So it appears we’ve finally reached a conclusion in the long-running saga over Portsmouth City Council’s energy company.
At yesterday’s cabinet meeting, Victory Energy was axed by the city’s administration. The ruling Liberal Democrats said the venture, set up to provide low-cost renewable electricity to residents and generate cash for the council, would be ‘too risky’ to continue with and pulled the plug.
They’ve said the same ever since they regained control of the council from the Tories after May’s elections. So, despite Labour and Conservative opposition groups getting the issue sent to cabinet to be reconsidered, this was only ever going to go one way.
Tory councillor Donna Jones insists Victory Energy is a ‘highly investable’ business that would have gone on to generate millions of pounds. But her successor as council leader, Lib Dem Gerald Vernon-Jackson, was never convinced by that argument.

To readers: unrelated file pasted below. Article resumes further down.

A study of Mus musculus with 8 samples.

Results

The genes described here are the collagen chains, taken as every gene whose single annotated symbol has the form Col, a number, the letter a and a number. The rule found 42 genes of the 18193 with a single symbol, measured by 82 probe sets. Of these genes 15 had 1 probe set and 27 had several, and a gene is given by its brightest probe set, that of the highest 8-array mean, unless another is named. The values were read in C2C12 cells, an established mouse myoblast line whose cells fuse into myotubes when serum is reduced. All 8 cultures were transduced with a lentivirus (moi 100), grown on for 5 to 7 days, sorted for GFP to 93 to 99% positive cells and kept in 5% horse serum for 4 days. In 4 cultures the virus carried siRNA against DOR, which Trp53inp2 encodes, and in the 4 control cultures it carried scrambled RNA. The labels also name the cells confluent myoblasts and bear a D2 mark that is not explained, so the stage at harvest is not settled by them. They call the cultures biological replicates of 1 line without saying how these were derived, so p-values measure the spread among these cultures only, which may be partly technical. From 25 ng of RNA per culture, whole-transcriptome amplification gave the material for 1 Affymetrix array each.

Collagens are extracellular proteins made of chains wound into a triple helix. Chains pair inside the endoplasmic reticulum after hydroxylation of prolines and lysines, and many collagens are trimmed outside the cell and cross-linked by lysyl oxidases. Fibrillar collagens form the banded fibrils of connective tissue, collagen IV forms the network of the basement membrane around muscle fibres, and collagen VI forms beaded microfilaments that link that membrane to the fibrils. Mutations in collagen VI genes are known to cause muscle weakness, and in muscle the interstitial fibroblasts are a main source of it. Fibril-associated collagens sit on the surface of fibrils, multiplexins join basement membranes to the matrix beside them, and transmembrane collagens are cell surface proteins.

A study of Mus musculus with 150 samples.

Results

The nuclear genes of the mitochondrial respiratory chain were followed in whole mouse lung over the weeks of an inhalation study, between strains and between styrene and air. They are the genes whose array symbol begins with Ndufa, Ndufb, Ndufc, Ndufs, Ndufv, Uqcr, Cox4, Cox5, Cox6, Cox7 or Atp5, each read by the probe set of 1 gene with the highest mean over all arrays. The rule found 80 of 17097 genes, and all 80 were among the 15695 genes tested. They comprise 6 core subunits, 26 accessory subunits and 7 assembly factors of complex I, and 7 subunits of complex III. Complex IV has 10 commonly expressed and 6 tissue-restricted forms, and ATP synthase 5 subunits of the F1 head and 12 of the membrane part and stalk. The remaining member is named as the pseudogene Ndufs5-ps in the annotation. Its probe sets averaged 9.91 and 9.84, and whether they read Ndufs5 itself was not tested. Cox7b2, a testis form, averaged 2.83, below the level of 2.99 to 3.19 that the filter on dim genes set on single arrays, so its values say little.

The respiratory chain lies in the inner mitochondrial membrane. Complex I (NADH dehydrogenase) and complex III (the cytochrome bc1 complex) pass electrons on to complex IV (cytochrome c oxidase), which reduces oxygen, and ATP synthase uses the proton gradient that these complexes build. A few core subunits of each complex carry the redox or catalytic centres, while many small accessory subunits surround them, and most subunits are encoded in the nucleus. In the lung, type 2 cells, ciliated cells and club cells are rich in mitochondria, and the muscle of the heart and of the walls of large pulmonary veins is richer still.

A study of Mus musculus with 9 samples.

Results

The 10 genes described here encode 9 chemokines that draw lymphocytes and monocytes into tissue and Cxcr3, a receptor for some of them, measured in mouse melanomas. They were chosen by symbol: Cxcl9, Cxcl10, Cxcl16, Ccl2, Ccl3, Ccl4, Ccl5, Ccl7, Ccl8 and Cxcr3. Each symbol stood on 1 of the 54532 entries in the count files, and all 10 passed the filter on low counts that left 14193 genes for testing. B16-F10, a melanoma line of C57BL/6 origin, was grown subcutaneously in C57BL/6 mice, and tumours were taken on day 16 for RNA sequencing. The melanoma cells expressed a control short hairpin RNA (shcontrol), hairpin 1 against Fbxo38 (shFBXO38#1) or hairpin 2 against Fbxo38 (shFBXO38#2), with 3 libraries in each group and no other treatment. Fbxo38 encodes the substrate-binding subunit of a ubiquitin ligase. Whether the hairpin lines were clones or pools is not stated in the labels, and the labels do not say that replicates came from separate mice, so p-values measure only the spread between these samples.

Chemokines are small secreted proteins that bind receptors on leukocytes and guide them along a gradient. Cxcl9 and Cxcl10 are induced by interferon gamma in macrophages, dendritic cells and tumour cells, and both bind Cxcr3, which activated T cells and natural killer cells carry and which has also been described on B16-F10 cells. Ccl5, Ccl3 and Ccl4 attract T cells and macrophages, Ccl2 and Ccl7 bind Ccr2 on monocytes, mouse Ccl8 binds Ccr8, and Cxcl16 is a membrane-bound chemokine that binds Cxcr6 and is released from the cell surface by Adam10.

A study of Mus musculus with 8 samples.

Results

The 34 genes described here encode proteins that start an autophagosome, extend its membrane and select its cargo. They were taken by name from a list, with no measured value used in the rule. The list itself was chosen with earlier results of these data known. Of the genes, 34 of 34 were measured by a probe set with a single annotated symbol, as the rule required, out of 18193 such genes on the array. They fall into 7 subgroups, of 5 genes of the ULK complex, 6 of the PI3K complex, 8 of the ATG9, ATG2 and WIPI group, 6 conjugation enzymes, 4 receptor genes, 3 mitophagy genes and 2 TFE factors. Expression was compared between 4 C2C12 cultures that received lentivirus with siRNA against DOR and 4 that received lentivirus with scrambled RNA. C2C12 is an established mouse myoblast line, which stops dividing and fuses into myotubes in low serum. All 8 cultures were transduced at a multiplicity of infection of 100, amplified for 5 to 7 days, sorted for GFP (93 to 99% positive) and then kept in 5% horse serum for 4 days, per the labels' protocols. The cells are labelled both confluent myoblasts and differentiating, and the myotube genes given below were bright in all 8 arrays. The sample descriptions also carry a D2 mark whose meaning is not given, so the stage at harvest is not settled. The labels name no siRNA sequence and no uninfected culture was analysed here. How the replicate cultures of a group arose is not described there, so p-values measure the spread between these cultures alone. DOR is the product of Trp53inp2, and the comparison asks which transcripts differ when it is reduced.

Various figures have been bandied about regarding how much profit Victory Energy could have made after an initial investment. But that was dependent on a certain number of customers signing up.
With council budgets so tight and it having to subsidise its own shipping firm MMD, Cllr Vernon-Jackson didn’t want to end up in a position where it would have to pour millions of pounds into Victory Energy that it could not afford.
The problem now is that the council is going to take a hit on Victory Energy of between £1.7m and £4m – and it will keep costing it £18,000 every week until the business is sold.
That’s a concern, but could it have ended up costing even more to run the Victory Energy project? We’ll never know. Now the decision has been made, we must hope a private sector buyer is found quickly and we can all move on.